Nikon Ultrawide FX Zooms Compared
20mm f/2.8, 20-35mm f/2.8 AF-D, 17-35mm f/2.8 AF-S, 18-35mm AF-D , 14-24mm f/2.8 and 16-35mm VR. enlarge. It helps me keep adding to this site when you use these links to Adorama, Amazon, B&H, and eBay to get your goodies. Thanks! Ken.
* As set in Photoshop's distortion correction tool to correct.
** Some waviness remains.
*** See Nikon Lens Compatibility for details.
They do exactly the same thing as the other big, ugly lenses, but do it for less money, while taking up less space in your bag and less weight around your neck.
You'll get farther, feel better, and thus see better and take better pictures with these lenses than with the other pigs.
The 20mm f/2.8 AF-D is my favorite on this page.
The biggest disadvantage to either of these is that the focus ring spins as the camera autofocuses, so you have to keep your hands clear. You also have to stop and move a switch to go between auto and manual focus, another pain, but much less of a pain than carrying around a two-pound lens.
The AF switching can drive you crazy, if you need fast access to manual focus.
While twice as big and expensive as the 20mm f/2.8 AF-D or 18-35mm f/3.5-4.5 AF-D, the newest 16-35mm f/4 VR is a superb all-around lens and allows instant manual-focus override simply by grabbing the focus ring. If you don't mind carrying it, it is a pleasure to shoot. Just be sure to watch the front so you don't bang it on anything; it is very long.
Pro on a Budget top
The 20mm f/2.8 is also a reasonably tough pro lens, while the 20-35mm f/2.8 AF-D is built to take a beating and still come up shooting great images time and time again.
The 20-35mm f/2.8 still requires moving a switch to go between auto and manual focus, but you have your choice of either the one on your camera, or one on the lens that's easy to use as you shoot. Its focus ring doesn't move during autofocus.
Practical Pro top
The 17-35mm f/2.8 AF-S is still the winner.
It's tough, focuses great, takes filters, and is a lot smaller than the ridiculous 14-24mm that can't take any prophylactic filters With the 14-24mm, you'll need to use an easily lost and flimsy lens cap, instead of just throwing it in your bag like the others.
The 17-35mm has instant manual focus override; just grab the focus ring.
They both have instant manual focus override; just grab the focus ring.
Low Light Hand-Held top
The hyper ISOs of FX digital make fast lenses largely obsolete for the great majority of hand-held low-light shots of things that hold still.
For hand-held low-light shots of still subjects on FX digital, the 16-35mm VR is the clear winner because its VR more than compensates for its slower speed compared to the f/2.8 non-VR lenses. An additional benefit of the slower lens with VR is that the f/4 aperture, versus f/2.8 or faster, gives even deeper depth-of-field for sharper pictures.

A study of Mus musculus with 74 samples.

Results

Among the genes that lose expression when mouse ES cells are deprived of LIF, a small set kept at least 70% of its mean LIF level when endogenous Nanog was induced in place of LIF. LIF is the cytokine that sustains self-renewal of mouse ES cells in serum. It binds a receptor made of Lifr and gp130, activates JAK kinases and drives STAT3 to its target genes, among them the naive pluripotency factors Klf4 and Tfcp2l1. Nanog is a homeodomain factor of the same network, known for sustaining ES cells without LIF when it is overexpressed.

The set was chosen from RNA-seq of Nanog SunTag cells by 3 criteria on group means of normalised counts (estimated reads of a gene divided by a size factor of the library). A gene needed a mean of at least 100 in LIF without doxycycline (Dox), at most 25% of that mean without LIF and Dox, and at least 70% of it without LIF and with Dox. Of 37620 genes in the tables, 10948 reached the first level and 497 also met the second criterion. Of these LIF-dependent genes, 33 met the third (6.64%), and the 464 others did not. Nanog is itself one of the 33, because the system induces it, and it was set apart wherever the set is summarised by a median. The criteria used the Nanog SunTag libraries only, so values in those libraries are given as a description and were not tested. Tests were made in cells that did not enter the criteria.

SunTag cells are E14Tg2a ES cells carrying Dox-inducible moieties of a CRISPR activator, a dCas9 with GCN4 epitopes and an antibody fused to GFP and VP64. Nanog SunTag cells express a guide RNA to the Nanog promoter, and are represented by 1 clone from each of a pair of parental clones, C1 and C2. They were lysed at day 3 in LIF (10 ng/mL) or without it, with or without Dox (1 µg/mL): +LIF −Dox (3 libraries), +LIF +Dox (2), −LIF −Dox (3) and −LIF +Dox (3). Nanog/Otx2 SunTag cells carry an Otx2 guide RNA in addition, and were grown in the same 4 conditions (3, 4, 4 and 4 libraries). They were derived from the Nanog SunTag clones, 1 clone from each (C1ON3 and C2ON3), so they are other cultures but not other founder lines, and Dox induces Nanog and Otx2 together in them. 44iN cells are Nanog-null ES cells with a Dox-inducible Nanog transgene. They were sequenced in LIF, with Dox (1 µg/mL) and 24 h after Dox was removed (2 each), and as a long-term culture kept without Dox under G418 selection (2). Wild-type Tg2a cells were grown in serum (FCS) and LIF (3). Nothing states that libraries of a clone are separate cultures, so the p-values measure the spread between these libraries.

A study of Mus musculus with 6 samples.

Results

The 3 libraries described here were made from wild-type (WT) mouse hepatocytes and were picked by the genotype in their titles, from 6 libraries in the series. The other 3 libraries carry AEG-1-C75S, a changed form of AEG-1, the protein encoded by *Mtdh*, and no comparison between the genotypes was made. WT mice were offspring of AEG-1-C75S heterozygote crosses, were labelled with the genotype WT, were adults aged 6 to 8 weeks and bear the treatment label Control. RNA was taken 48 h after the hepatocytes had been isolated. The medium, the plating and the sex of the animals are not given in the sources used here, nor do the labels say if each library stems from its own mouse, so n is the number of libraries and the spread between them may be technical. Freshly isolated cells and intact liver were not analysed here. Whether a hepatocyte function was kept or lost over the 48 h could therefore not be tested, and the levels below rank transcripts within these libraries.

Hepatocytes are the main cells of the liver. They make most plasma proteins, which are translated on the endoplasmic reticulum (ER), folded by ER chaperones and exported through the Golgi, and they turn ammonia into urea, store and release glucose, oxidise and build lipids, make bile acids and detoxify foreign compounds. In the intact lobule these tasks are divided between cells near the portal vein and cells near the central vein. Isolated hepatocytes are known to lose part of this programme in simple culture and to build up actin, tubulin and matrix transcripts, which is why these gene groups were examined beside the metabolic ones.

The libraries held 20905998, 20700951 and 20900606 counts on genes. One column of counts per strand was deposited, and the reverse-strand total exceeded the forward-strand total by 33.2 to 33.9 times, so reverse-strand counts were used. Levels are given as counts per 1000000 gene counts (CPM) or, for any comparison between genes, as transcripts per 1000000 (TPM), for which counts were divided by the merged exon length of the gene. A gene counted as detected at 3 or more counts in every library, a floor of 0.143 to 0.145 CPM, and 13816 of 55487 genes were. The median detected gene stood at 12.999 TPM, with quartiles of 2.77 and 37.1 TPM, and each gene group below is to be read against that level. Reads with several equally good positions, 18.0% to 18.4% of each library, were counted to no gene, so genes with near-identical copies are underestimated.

The effective maximum aperture of the 16-35mm VR is about f/2, yet we get the depth-of-field of f/4. Nice!
The reason I don't use the f/1.4 lenses for still subjects in dim light on FX is because at f/1.4, very little is in focus due to the small depth-of-field, and with the excellent high ISOs of FX, nothing except moonlight is dark enough to need f/1.4.
For subjects that move, VR does nothing. Faster apertures let us stop motion, in which case, the 24mm f/1.4 is the best lens.
If you need a zoom, then the 14-24mm f/2.8 is best optically.
On film, we don't get ISO 3,200 without witchcraft, while FX digital gives us ISO 6,400 for free.
Computer Nerd top
If you're a pixel-counter who spends more time on your computer or peering through 22x loupes than you do shooting, you'll prefer either of the 16-35mm f/4 VR or 14-24mm /2.8 AF-S because they offer slightly more sharpness in the far corners when shot at larger apertures and looked at at 100% on your screen.
Both of these have instant manual focus override; just grab the focus ring.
If you split pixels, of the two 16-35mm f/4 VR and 14-24mm /2.8 AF-S that I shot-off against each other at the range, the smaller, less expensive and more practical 16-35mm f/4 VR was actually a bit sharper than the old 14-24mm /2.8 AF-S!
Nikon never ceases to amaze me with its unending ability to make better lenses cheaper every year.
If you don't mind hauling them, the 17-35mm f/2.8 AF-S, 16-35mm f/4 VR and 14-24mm /2.8 AF-S really do offer excellent optical, mechanical and autofocus ergonomic performance. They're also the three heaviest lenses here.
The 16-35mm f/4 VR is the lightest of these three, but gets you back by being so long that it bangs itself on things as you walk around.
The 14-24mm /2.8 AF-S is the biggest, heaviest, and optically best lens on this page, or possibly in the the world. It is the Masochist's favorite.